Myelin sheaths the axons of nerve cells, but the integrity of this sheathing degrades with age. Transplants of neural stem cells can be used to encourage myelin formation, and researchers are exploring this approach as a therapy for conditions involving more profound myelin loss.
There is always a demand in this sort of research for better and cheaper ways to obtain cells that have the desired effect. It is not trivial, for example, to isolate the right sort of neural stem cell, or establish a protocol for producing these cells from embryonic or induced pluripotent stem cells. A great deal of stem cell research these days involves the discovery of chemical signals, growth environments, and other necessary items to guide the growth of specific cell types.
Here is an example for myelin-forming cells, which will no doubt contribute to the next round of research and development of cell therapies aimed at regrowth of myelin:
Researchers have unlocked the complex cellular mechanics that instruct specific brain cells to continue to divide. This discovery overcomes a significant technical hurdle to potential human stem cell therapies; ensuring that an abundant supply of cells is available to study and ultimately treat people with diseases.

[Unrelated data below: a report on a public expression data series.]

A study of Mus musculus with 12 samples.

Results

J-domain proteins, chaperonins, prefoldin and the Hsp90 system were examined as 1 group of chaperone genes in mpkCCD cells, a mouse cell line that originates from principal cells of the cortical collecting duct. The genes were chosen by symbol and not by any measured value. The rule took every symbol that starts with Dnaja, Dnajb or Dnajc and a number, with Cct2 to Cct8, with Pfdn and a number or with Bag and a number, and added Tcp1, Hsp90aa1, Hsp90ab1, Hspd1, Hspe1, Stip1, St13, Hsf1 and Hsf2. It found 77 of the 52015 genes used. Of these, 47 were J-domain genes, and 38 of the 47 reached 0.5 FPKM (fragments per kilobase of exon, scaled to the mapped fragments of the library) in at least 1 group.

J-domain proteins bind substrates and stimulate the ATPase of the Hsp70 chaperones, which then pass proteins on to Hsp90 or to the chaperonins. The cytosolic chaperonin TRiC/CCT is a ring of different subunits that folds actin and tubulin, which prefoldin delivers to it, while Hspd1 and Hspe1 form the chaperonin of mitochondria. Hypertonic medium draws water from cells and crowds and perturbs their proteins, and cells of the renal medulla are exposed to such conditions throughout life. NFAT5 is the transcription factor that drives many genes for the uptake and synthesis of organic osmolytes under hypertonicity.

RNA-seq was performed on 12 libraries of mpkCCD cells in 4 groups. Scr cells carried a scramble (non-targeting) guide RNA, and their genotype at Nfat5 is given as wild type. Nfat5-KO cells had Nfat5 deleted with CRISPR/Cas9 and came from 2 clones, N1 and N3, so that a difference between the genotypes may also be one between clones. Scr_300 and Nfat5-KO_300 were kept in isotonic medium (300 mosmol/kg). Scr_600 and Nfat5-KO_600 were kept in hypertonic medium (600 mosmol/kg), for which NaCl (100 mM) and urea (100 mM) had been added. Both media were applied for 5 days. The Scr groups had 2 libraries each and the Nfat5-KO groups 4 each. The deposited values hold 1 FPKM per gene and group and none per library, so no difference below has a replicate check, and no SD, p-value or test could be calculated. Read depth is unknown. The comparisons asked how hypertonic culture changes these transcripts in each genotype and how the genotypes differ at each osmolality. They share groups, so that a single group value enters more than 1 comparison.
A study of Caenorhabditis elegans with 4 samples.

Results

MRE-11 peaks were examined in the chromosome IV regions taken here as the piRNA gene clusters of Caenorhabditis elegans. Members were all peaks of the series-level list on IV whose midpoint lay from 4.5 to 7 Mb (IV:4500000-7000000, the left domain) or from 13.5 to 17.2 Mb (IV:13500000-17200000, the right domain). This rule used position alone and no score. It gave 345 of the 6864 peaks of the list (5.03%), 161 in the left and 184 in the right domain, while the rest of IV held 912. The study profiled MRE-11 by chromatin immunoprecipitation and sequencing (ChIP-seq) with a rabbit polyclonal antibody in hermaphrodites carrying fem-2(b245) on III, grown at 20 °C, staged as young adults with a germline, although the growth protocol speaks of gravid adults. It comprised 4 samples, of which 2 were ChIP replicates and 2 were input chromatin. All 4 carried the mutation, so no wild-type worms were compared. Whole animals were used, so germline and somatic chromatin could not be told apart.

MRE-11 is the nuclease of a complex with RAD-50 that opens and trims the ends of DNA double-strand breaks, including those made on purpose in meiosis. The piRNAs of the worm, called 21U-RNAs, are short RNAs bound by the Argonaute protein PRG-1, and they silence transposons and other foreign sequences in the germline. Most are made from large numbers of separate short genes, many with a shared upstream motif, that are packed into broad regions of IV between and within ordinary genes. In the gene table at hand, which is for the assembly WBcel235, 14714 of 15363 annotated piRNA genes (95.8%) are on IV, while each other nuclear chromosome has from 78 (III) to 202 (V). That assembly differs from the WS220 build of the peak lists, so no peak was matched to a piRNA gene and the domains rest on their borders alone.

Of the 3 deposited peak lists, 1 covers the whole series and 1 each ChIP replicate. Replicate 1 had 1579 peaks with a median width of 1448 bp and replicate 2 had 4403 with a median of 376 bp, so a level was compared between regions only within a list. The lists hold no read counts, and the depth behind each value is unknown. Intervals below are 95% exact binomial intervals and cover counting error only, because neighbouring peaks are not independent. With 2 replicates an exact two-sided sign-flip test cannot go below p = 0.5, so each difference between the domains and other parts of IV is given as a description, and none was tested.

"One of the major factors that will determine the viability of stem cell therapies is access to a safe and reliable supply of cells. This study demonstrates that - in the case of certain populations of brain cells - we now understand the cell biology and the mechanisms necessary to control cell division and generate an almost endless supply of cells."
The study focuses on cells called glial progenitor cells (GPCs) that are found in the white matter of the human brain. These stem cells give rise to two cells found in the central nervous system: oligodendrocytes, which produce myelin, the fatty tissue that insulates the connections between cells; and astrocytes, cells that are critical to the health and signaling function of oligodendrocytes as well as neurons.
One of the barriers to moving forward with human treatments for myelin disease has been the difficulty of creating a plentiful supply of necessary cells, in this case GPCs. Scientists have been successful at getting these cells to divide and multiply in the lab, but only for limited periods of time, resulting in the generation of limited numbers of usable cells. ... Overcoming this problem required that [researchers] master the precise chemical symphony that occurs within stem cells, and which instructs them when to divide and multiply, and when to stop this process and become oligodendrocytes and astrocytes.